This Sunday’s two-minute silence for Armistice Day will no doubt be a solemn, dignified occasion as ever. It will, not, however, be a particularly exclusive one. In recent years, silences have been become a feature of all kinds of public mourning occasions, be it to mark the deaths of police officers gunned down in the line of duty, children killed in cold blood, or those who perish in disasters such as Hillsborough. Even the peaceful deaths of well-loved footballers, such as the late Scottish international Jim Baxter, have had silences observed in their honour.
While I wouldn’t want to question the respect due to the dead, I can’t help wondering whether such a plethora of silences does undermine a central message of Remembrance Sunday. Which is, surely, to give us a sense of perspective, and to remind us that whatever day-to-day calamities there might be in our safe modern world, we no longer have to worry about the kind of existential threats that claimed so many lives in our two World Wars. It is, indeed, a case of “lest we forget” — the purpose of the two-minute silence is partly to provide comfort in bereavement, to remind us that no matter how hard things might seem, previous generations endured such suffering of an altogether different magnitude.
The first time this really struck me was during the two-minute silence held after the 2005 London bombings, when I had just started work at the Telegraph’s old offices at Canary Wharf tower. I had recently returned from a two-year reporting stint in Baghdad, and while it was impressive to look out the tower window and see so many people standing still in the streets below, I remember thinking also that attacks of the kind that had just claimed 52 lives in London happened almost daily in Iraq. Which also gave me an idea of what the average al-Qaeda operative in Iraq would be thinking, had they seen the silence broadcast on TV.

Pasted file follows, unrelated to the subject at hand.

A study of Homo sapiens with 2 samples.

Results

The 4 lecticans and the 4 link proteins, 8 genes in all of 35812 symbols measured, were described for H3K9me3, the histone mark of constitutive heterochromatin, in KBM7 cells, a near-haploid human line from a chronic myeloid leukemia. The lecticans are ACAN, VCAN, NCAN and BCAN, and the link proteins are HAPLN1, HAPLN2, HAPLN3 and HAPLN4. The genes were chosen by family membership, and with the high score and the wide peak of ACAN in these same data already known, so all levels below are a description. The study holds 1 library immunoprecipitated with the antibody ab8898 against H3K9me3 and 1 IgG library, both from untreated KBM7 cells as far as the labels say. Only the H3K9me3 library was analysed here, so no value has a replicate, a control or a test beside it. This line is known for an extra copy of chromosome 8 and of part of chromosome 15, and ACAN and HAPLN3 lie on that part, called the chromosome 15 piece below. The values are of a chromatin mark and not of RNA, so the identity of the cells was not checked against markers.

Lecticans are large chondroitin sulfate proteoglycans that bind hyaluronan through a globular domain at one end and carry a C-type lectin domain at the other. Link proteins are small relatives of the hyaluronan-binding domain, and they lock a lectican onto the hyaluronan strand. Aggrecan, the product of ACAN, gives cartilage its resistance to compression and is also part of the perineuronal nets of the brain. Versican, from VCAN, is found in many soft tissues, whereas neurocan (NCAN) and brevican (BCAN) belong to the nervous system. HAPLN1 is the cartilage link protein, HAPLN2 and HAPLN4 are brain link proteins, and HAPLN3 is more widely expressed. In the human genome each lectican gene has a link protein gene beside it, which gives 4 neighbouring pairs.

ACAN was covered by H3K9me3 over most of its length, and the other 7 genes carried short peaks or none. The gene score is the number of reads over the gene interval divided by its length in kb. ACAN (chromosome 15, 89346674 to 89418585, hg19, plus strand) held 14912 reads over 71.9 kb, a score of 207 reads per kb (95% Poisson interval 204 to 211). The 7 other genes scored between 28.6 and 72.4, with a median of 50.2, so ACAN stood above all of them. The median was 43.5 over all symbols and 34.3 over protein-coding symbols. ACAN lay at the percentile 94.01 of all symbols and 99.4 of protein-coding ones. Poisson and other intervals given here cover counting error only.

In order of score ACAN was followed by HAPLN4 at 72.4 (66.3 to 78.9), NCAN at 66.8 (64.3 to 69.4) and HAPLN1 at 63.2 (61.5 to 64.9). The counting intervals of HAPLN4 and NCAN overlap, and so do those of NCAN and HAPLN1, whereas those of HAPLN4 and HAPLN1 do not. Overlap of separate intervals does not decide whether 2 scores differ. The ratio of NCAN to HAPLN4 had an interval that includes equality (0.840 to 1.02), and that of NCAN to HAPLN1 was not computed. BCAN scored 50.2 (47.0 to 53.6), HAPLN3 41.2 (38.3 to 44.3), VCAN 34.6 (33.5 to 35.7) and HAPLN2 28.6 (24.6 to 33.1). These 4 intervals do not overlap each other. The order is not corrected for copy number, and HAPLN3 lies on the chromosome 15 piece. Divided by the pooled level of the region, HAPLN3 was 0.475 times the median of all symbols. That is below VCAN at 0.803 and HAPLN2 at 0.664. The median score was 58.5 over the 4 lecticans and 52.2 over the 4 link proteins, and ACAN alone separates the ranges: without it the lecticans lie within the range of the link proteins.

It would, I reckon, have been something along the lines of: “Look at what our brothers in London have achieved … Just a few of the bombs that we have every day here in Iraq, and their whole country comes to a halt. Think what will happen if we do even more …” I am sure that was not what our then Prime Minister, Tony Blair, really had in mind.
As I understand it, part of the reason for introducing Remembrance Sunday and the two-minute silence in the first place was that Britain had been collectively traumatised by the First World War. It was not the vicarious, “Lady-Diana-has-died-and-I-feel personally-bereaved” grief, but a genuine sense of a national loss that had torn gaping holes in marriages, families, classrooms, workplaces and ultimately, an entire generation of young men. And part of the reason it hurt so much was that Britain wasn’t used to it, having fought the majority of Victorian-era conflicts abroad, and usually against weak opponents who stood little chance of inflicting real damage.
That Victorian situation is, thankfully, the one we essentially find ourselves in again today, with our conflicts limited to fairly one-sided encounters in the likes of Iraq and Afghanistan. And when Remembrance Sunday comes, I for one will be silently grateful for it. Once a year, though, for me, is enough.